This article is published in the January 2024 issue.

Undergrad Uses Recursive Data Structures to Enhance Analysis of Parallel Programming

By Yasra Chandio (CRA-E Fellow, University of Massachusetts Amherst) and Alejandro Velasco Dimate (CRA-E Fellow, College of William & Mary)

Francis Rinaldi, B.S. in Computer Science, Illinois Institute of Technology (IIT)

This Q&A highlight features Francis Rinaldi, an Honorable Mention in the 2022 CRA Outstanding Undergraduate Researchers award program. Francis earned their bachelor’s and master’s degrees from the Illinois Institute of Technology (IIT), and they continued working on this research after graduation. 

What led you to computing research?

The initial appeal of computer science research was largely due to extrinsic factors. Serving as a research assistant offered financial support, enriched my knowledge, and significantly advanced my career. In Fall 2021, I enrolled in a graduate-level elective course titled “Topics in Programming Languages.” This course delved deep into programming language theory, an intriguing fusion of mathematics and formal logic to address computer science issues. Prof. Stefan Muller, who taught the course, was in search of research assistants. Grasping this opportunity, I joined his team, and soon, our combined efforts bore fruit. We developed a mechanism to integrate recursive data structures into representations of program execution order, which culminated in my submission to the CRA Outstanding Undergraduate Research competition.

Could you share some initial challenges you faced in research?

Even with my coursework with Prof. Muller, understanding the core tenets of my research topic proved challenging. As a newcomer to both research and the programming languages field, I felt overwhelmed. Understanding the foundational paper that underpinned my research took considerable time. Additionally, explaining my work to peers proved to be a significant challenge. Thankfully, Prof. Muller’s patience and guidance were instrumental during this phase.

Can you tell us about your project? 

Broadly, my research extended a project aimed at predicting the possible orders of code execution, particularly in programs that use parallelism, to improve the analysis of source code across different tasks. Example applications include program optimization and deadlock detection. While it is impossible to predict the exact order of code execution due to parallelism, the goal was to approximate this order and provide a representation of all the different ways a program could execute. One limitation of this prior project was its inability to use several conventional programming features, such as lists and trees. By integrating recursive data structures, we extended the project’s scope to include these features, which enhanced its usability. We demonstrated the soundness of the expanded project and developed a program that allows a notable subset of OCaml to utilize this research.  I presented our contribution at ICFP 2022.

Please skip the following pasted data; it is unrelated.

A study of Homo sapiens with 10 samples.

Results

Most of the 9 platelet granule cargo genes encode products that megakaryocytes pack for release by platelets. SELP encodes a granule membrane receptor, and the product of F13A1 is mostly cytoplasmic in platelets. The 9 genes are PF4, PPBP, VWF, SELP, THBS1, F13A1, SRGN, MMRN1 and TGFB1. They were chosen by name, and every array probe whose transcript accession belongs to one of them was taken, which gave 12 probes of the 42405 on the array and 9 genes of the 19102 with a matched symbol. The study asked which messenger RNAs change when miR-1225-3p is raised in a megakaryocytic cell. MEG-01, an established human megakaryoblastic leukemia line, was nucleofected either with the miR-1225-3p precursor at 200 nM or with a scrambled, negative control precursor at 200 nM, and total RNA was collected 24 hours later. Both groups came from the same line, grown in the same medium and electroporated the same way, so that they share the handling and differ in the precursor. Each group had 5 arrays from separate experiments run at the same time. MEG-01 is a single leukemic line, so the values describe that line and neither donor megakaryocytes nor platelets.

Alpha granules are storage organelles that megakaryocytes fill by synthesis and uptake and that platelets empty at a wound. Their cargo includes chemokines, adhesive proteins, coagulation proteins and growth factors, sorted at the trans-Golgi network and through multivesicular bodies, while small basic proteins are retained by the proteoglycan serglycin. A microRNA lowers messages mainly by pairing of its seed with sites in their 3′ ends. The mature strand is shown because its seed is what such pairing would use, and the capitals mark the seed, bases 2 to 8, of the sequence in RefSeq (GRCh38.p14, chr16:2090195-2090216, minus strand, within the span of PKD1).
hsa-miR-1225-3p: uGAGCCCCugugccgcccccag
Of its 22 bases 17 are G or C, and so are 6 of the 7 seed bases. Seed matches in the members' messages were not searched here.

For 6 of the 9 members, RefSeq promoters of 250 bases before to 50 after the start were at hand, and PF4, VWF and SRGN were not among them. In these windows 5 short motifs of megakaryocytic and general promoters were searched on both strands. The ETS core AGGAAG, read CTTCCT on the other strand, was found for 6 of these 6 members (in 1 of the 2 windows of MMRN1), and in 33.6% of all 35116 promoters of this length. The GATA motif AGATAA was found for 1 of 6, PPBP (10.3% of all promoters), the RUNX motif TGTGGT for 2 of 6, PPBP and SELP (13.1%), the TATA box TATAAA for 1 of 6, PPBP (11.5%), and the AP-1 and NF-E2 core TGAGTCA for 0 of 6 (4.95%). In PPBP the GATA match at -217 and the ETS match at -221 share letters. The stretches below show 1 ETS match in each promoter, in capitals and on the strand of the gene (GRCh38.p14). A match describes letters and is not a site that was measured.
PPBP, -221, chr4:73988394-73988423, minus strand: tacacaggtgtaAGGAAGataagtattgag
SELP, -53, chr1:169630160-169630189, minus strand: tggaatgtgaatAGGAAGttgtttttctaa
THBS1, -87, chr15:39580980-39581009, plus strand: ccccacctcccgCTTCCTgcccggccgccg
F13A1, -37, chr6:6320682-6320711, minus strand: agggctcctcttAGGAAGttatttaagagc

What challenges did you encounter in research? 

Research progress was often slower than anticipated. Much of my time went into ideation, which did not always directly contribute to immediate research outcomes. It takes a lot of work to correctly identify problems and their potential solutions before addressing them, and there were instances when prolonged efforts hit dead ends. On top of this, some of these problems and solutions completely invalidated previous work and further impeded the sense of achieving substantial progress.  I have accepted this as part of the research experience, validated by Prof. Muller’s assurance that such slow-paced progress is typical in research. Over time, I have come to realize that quality research demands patience.

How was your team and work environment structured?

My team included Prof. Muller, Prof. Arthur Azevedo de Amorim from the Rochester Institute of Technology, and June Wunder, a Ph.D. candidate at Boston University. I had two weekly meetings – one in-person meeting with Prof. Muller and a virtual meeting with the entire team. My research schedule was flexible, allowing me to work from various locations like parks, trains, and beaches. Fragmenting my work both in location and time proved to be beneficial. Home breaks often involved making tea, enjoying a hobby, or cleaning, which enhanced my focus and satisfaction with my research. This method generally ensures I approach research with a fresh mind, aiding in problem identification and avoiding pitfalls.

How has research changed your perspective in life?

My research in logic has deeply shaped my perspective on life. It highlights the stark differences between logical frameworks and the unpredictability of human experiences. Additionally, research teaches the art of questioning, a skill applicable to many facets of life.

What diverse experiences have molded your research journey?

I have been a dedicated musician, co-founding an alt-rock band named Back Alley Miracle while simultaneously delving into research. Balancing both was challenging at times but manageable. My music knowledge influenced a programming project where I created a language to verify music’s adherence to part-writing rules. Apart from music, my passion for games, especially video games, steered me towards computer science. I even minored in game design and developed a board game that won an award at my university.


Do you have any advice for budding student researchers?

Transitioning from structured classroom learning to hands-on research can be daunting. However, experienced colleagues often provide support during this adjustment. While reaching out to professors might seem intimidating, many are receptive to discussions and open to taking on new research assistants.